From a post by Blue Raja on the Boar’s Head Tavern. This is great stuff:
I’m sort of a Vanhoozer-ian sort of guy when it comes to the nature of language (i.e. his theological version of speech-act theory) and I think the most basic observation it contributes to an understanding of inerrancy is that stating the truth/falsity of some proposition is only ONE speech-act in the Bible.
The Bible has many more sorts of speech-acts for which “error” is simply a category mistake (i.e. promises can be faithful or faithless, but not “in error”; poetry can cause you to feel certain things, but it can’t be “false”; commands can be reliable or unreliable, but they’re not “true or false” in the same way factual statements are).
So at best “inerrancy” could ever only apply to those portions of scripture that are actually making some propositional truth claim – but of course Scripture does much more than this in all of it’s promising, commanding, inspiring, encouraging, etc.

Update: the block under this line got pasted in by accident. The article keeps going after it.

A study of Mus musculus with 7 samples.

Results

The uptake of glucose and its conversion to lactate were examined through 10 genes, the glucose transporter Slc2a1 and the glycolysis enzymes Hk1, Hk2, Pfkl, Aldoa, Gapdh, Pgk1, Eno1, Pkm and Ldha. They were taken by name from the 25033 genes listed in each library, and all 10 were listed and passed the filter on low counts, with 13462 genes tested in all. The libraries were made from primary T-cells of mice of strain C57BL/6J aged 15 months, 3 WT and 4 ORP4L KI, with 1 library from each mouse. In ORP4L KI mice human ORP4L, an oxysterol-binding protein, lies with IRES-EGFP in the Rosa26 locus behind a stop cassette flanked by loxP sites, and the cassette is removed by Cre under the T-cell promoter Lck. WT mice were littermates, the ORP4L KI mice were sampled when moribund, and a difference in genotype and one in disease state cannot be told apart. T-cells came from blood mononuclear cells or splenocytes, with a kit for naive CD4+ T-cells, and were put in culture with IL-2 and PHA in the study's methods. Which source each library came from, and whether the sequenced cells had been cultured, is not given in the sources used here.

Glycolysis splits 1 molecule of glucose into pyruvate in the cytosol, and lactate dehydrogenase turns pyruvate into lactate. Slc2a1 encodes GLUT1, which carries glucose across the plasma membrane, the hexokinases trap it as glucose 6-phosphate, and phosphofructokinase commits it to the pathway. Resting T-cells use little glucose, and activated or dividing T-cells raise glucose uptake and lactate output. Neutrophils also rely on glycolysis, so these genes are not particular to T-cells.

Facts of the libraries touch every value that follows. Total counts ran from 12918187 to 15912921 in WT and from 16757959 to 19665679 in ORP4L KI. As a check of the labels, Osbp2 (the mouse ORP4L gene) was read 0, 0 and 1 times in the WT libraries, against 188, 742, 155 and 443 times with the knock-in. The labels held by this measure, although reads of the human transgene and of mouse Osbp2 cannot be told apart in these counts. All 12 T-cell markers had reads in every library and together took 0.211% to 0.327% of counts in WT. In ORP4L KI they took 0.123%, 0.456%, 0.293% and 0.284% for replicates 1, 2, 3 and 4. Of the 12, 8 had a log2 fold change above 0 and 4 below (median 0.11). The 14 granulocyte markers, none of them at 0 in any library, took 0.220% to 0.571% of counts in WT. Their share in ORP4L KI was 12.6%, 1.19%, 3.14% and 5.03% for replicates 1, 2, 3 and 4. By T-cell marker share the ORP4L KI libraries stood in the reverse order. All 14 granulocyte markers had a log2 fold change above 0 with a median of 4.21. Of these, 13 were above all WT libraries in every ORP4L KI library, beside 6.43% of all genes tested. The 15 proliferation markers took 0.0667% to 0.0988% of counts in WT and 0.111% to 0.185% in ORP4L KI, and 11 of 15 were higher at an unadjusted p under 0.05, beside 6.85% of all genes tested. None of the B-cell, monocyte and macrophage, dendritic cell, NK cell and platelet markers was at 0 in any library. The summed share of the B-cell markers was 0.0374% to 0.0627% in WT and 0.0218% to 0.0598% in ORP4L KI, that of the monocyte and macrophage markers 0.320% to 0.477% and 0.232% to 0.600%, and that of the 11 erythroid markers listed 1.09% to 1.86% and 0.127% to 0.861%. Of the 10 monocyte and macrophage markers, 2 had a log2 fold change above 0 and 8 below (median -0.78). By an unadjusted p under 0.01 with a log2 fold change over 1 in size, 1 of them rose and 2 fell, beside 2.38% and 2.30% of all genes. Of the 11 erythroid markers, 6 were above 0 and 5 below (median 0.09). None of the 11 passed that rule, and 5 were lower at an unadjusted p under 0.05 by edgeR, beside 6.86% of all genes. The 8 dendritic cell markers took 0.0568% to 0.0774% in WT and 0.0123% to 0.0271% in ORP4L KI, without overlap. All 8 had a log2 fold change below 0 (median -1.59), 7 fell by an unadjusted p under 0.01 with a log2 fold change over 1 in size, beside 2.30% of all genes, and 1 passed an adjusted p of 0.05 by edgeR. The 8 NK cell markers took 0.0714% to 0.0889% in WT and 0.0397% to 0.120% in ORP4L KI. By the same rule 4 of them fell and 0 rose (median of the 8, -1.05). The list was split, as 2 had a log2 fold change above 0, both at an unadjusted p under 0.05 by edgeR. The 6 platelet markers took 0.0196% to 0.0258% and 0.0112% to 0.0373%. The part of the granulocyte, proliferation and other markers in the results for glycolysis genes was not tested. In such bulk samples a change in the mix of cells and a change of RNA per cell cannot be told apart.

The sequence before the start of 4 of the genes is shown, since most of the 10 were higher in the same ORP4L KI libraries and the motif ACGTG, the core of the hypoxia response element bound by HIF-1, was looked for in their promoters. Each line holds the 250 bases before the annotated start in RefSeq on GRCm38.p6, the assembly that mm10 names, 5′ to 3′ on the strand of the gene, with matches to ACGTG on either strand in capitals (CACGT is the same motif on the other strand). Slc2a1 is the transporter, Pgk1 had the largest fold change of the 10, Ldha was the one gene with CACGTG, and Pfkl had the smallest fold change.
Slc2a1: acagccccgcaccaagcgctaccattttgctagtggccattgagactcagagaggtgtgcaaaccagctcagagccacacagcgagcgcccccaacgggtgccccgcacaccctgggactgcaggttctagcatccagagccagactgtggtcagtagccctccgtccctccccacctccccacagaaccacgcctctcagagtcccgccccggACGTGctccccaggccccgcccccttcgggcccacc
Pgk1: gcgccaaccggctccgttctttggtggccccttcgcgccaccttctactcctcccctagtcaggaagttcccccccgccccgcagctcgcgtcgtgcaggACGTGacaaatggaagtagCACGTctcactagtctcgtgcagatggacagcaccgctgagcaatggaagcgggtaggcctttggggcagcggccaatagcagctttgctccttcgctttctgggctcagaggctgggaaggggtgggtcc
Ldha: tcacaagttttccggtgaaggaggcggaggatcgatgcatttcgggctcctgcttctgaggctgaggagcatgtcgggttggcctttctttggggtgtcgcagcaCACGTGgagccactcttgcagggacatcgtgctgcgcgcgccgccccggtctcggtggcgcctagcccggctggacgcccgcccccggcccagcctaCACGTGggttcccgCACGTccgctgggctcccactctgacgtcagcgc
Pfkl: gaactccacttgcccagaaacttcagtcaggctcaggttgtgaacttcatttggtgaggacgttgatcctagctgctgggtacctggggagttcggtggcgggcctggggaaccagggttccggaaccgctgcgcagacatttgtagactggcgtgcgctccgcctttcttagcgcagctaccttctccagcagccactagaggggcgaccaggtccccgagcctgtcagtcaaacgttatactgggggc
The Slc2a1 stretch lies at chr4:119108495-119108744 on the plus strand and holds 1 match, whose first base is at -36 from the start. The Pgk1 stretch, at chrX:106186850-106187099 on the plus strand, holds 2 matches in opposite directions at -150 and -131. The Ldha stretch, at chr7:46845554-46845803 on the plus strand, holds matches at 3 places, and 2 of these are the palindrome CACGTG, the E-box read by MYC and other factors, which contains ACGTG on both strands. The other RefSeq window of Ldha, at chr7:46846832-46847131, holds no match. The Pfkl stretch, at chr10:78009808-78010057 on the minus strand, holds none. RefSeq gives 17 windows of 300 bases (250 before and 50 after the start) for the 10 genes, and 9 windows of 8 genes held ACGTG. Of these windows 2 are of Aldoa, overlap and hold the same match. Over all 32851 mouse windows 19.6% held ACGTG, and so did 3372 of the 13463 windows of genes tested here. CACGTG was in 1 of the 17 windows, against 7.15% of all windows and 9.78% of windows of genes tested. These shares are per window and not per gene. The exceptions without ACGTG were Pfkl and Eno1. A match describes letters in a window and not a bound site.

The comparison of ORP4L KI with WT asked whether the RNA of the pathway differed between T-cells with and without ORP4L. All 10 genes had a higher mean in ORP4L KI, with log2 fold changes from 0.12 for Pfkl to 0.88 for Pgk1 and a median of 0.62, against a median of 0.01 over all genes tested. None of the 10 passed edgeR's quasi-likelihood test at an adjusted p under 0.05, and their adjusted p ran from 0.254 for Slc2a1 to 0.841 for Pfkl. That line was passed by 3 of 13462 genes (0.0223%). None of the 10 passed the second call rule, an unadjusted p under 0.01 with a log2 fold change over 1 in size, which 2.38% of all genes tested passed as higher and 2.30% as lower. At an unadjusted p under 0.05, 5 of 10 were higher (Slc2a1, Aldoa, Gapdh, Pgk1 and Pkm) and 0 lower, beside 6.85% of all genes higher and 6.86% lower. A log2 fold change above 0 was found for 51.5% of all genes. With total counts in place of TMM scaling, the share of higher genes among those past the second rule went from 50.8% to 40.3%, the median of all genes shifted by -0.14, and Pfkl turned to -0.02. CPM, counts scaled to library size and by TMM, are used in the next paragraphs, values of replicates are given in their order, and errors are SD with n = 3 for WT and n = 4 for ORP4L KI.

The implications of that are somewhat common-sense – if mustard seeds aren’t actually the smallest seeds known to man, Jesus is only “in error” if he’s making a claim about mustard seeds. But if he’s engaging in an entirely different speech-act than propositional speech (i.e. making a truth claim about mustard seeds) – say urging or admonishing faith – he can’t be accused of error.
Being married to an English graduate, I’m a sucker for speech-act theory ;-). Raja’s point also fits with my own view that, by and large, the Bible was written to confront us rather than to inform us. It’s a proclamation, not an encyclopaedia.